I'm sure that smokers say "I could never live without cigarettes" and alcoholics say "I could never live without another drink." That doesn't mean of course, that they should continue consuming those things or that they are healthy for them in any way; it just means that they're being controlled by an addiction. And there's no way that I was letting cheese have that much power in my life. After all, the basic human needs, contrary to popular belief, are not air, water, shelter and cheese.
Giving up cheese, for me, took a major shift in my outlook. Instead of looking at cheese as something that came in a package, I began to investigate where it came from, how it was made and everything that went into putting it on my plate. And it was pretty shocking to learn the truth. After all, the dairy industry had been spending millions to convince me otherwise all my life.
First of all, cheese is made from milk. Duh. That didn't phase me at first, until it clicked with me that milk isn't something that comes out of a carton and goes on my cereal. Cow's milk is food for baby cows. As the authors of Skinny Bitch put it so very well . . .
"Cows’ milk, by design, grows a 90-pound calf into a 2,000-pound cow over the course of 2 years. It allows calves to double their birth weight in forty-seven days and leaves their four stomachs feeling full."
Well, I don't have four stomachs, and nothing about weighing 2,000 pounds sounds remotely appealing. And as a nursing mom at the time, the idea of drinking the breast milk of another species just started to gross me out. Most moms I knew would balk at the idea of their baby drinking the breast milk of another human - yet we didn't hesitate to give them breast milk from a cow. Weird, right?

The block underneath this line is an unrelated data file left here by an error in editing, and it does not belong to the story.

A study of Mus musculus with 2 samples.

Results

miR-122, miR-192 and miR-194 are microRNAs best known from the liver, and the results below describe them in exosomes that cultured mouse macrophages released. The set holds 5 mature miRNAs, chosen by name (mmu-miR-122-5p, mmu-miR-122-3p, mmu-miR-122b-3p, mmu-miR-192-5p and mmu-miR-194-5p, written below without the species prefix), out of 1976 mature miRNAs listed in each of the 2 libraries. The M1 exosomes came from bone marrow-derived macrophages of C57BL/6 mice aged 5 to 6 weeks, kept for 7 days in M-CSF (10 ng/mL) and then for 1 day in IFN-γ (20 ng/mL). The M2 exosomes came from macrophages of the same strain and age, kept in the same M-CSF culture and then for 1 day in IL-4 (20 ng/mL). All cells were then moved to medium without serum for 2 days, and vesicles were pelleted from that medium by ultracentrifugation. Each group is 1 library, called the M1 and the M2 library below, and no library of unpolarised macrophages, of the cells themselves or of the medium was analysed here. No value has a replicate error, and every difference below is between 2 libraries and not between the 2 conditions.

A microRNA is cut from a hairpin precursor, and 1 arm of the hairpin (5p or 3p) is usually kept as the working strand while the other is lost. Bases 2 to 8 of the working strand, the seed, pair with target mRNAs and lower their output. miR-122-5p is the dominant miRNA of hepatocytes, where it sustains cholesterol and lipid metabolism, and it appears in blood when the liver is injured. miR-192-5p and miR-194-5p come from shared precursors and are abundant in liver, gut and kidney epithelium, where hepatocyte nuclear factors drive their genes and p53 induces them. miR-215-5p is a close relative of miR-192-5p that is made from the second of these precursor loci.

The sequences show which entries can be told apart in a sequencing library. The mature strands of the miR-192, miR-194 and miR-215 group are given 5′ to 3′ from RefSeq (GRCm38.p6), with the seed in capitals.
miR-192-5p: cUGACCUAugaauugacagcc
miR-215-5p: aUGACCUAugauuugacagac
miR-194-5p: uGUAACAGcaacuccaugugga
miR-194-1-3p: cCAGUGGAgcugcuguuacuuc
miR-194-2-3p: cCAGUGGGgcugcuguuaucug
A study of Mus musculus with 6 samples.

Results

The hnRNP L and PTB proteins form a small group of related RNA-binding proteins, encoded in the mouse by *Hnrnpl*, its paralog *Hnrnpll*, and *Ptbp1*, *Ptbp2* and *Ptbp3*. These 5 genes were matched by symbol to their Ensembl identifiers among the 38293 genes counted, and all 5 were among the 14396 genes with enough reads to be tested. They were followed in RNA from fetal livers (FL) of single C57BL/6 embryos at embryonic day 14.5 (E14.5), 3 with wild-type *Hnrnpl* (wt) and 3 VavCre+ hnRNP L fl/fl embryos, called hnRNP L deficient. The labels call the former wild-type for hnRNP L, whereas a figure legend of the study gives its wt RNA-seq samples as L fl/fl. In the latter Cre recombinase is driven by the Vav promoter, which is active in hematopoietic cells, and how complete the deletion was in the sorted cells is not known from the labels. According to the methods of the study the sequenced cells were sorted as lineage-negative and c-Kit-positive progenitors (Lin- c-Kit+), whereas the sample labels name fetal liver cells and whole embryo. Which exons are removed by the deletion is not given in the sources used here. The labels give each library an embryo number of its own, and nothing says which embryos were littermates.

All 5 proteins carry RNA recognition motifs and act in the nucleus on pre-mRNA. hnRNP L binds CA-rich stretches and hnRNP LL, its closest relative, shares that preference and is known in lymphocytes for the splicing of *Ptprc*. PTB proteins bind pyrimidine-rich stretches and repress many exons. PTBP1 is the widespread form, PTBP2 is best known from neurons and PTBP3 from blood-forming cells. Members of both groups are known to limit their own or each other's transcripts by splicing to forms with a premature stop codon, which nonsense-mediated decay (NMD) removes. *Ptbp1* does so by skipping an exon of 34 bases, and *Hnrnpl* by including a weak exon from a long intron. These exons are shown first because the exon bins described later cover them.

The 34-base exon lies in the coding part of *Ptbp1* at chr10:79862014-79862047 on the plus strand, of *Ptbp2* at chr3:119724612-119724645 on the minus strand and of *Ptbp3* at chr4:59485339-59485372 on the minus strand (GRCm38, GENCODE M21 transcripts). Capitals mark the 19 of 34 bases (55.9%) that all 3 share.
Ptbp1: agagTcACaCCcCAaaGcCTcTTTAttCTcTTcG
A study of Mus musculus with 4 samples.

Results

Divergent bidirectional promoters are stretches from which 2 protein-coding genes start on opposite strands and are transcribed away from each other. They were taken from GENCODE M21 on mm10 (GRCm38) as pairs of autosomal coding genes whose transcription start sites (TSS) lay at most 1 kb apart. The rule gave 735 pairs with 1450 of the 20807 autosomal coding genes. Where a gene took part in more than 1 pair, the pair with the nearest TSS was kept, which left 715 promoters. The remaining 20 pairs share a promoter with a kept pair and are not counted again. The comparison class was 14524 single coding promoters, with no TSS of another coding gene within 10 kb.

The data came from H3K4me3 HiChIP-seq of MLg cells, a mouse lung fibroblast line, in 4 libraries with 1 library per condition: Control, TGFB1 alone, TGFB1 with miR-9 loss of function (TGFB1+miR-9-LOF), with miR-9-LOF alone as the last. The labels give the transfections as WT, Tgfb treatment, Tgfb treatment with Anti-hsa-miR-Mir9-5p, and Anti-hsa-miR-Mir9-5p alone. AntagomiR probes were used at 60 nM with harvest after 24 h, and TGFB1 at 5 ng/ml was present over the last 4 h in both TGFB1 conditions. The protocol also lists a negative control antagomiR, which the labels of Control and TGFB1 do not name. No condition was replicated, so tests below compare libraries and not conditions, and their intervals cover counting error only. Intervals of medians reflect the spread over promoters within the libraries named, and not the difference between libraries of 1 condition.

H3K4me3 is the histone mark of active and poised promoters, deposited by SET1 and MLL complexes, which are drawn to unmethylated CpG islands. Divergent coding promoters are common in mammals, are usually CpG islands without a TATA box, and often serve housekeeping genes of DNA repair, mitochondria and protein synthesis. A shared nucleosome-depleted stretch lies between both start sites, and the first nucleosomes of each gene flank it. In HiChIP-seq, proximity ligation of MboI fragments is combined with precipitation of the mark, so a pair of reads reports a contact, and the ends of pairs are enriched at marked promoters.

But since we're not cows and we can't digest cow's milk (we lose the enzyme needed to digest human milk very early on in life), something called rennet is added to cheese. Have fun Googling that one. Here's what Wikipedia had to say about it:
"Natural calf rennet is extracted from the inner mucosa of the fourth stomach chamber (the abomasum) of young, unweaned calves. These stomachs are a by-product of veal production. Dried and cleaned stomachs of young calves are sliced into small pieces and then put into saltwater whey, together with some vinegar or wine to lower the pH of the solution. Deep-frozen stomachs are milled and put into an enzyme-extracting solution. The crude rennet extract is then activated by adding acid."
Ewwww! Nothing about that sounds good to me. Add in some hidden camera footage from a dairy farm and the knowledge that dairy cows have their calves taken away and sent for slaughter (as veal), and it's actually quite easy to live without cheese.Still struggling to give cheese the boot? The GHS "top tip" for the week are these five great tips for (pardon the pun) weaning.